How smart boxes are helping vaccine makers deliver more
Here we speak with Michaël Attlan, Head of the New Technologies (NT) Platform at Sanofi Pasteur, about how technology is transforming vaccine delivery. Prior to heading the NT Platform, Michaël led Sanofi Pasteur’s Traveler & Endemic Vaccine Franchise.
His work in yellow fever, cholera, rabies, and Japanese encephalitis reflects his and Sanofi Pasteur’s commitment to public health around the world.
The demand for vaccines
Vaccine demand has risen steadily for more than 25 years. With a greater range of world-class therapeutics now available, vaccine developers are looking for new ways to meet this demand. “Today’s players have to improve the vaccination experience,” Michaël says, “because people’s decisions will be made not only based on how well the vaccine performs, but also on how convenient it is to allow better handling and distribution.”
Today’s players have to improve the vaccination experience,because people’s decisions will be made not only based on how well the vaccine performs, but also on how convenient it is to allow better handling and distribution
Take flu, for example. It’s a seasonal illness, so large quantities of vaccines need to be delivered in a limited timeframe. This puts huge strain on manufacturers and pharmacists. Vaccine manufacturers need to produce millions of doses and then transport them globally in a temperature-controlled supply chain – a costly and complex process. Simultaneously, those handling or administering the vaccine often lack the facilities to store the volume of vaccines required.
The packaging of vaccines
Smart packaging is emerging as one of the solutions. Sanofi Pasteur has developed a new, smaller box for the safe delivery and storage of vaccines. CompactBox halves the size of the packaging allowing twice as many doses to be shipped at once, which can then be stored in half as much space. “We decided to make the box eco-friendly, so we removed all plastic. We have also made the box tamper-proof, which gives vaccine handlers and patients more confidence,” said Michaël. “Today, we have a box that is optimized for cold room storage, respects the environment, leads to lower freight costs and fewer planes to ship it worldwide in record timing, and is more secure.”
The CompactBox could be even smaller if it wasn’t for the need to display the vaccine’s statutory information for patients. “The innovation of using digital support helps meet this challenge,” said Michaël, whose team is exploring ways to access product-related details by scanning 2D barcodes or using interactive chips that are integrated into the carton. The idea is that anyone using a vaccine in the future can wave their smart device over the digital feature to reveal important information about the vaccine, including product authenticity and safety considerations. Michaël continued: “One day soon, people will be able to access relevant information related to pharmaceutical products on an internet device. Regulation will also need to evolve to allow access to online information through internet devices.”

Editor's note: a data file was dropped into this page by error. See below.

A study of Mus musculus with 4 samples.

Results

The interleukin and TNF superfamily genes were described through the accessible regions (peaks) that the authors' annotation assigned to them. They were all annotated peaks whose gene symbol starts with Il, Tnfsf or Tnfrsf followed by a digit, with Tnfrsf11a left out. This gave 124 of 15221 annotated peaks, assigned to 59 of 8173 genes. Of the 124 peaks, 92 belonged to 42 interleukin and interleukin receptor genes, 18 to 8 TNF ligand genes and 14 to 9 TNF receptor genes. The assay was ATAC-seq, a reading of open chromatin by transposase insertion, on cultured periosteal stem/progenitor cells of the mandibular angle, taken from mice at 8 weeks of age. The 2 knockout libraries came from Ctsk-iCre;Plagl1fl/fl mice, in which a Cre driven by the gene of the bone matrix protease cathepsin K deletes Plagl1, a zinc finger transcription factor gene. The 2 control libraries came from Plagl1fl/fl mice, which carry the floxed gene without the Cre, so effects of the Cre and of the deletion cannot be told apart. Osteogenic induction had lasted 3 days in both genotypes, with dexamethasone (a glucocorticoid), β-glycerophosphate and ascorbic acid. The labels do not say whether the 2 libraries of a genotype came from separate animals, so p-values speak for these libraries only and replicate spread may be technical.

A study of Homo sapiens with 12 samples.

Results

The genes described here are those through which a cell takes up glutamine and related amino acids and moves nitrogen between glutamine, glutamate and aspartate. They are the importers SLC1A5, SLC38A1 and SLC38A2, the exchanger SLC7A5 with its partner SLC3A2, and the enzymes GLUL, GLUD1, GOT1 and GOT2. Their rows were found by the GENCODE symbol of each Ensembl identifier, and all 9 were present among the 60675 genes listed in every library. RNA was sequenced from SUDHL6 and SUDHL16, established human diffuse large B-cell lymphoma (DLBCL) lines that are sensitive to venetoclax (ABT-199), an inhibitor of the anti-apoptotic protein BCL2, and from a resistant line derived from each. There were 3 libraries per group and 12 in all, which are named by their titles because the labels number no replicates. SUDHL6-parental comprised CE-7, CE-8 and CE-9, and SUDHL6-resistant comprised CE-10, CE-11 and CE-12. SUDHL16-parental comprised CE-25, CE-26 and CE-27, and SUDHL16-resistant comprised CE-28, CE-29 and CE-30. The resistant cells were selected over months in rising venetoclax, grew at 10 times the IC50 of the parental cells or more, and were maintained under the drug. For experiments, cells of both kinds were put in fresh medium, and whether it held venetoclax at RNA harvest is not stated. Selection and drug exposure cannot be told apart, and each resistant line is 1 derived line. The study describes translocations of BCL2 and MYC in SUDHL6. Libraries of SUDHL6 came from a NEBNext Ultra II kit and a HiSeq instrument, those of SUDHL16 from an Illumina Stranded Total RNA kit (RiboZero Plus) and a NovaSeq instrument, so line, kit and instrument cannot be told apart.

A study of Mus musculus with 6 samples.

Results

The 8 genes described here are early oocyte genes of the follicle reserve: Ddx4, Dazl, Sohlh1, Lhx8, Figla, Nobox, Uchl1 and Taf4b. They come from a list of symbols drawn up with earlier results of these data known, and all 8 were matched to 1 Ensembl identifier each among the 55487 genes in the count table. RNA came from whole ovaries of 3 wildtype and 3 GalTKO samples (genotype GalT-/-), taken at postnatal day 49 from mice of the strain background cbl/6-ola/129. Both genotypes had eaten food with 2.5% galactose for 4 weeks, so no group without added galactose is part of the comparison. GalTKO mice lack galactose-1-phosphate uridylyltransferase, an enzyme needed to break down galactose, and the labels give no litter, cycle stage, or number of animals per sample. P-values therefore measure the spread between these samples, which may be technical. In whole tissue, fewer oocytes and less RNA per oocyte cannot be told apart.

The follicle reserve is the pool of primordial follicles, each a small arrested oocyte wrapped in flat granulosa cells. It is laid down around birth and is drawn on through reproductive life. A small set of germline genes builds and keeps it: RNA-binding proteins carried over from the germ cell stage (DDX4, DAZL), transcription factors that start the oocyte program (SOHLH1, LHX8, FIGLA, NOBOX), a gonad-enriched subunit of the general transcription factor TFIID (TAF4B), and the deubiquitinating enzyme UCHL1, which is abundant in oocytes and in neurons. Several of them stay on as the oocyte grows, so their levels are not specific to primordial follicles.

The next stage of smart boxes jumps on the trends emerging in consumer retail where the use of digital labeling and information is growing. Technologies like Near-Field Communication (NFC), which allow communication between two electronic devices when they are placed closely together, are commonly used for public transport, banking and retail.
“I anticipate that in the short term, innovative dematerialized technologies for labeling, tracking, and usage information will become commonplace. The pharmaceutical industry and regulators need to jointly anticipate this move,” said Michaël. “The vaccine industry is adapting to these new consumer trends, meaning that we need to do what has been done by leading companies in other sectors, like Nespresso, Apple or Tesla by leveraging new technologies to deliver more value to end users, within the framework of applicable regulations.”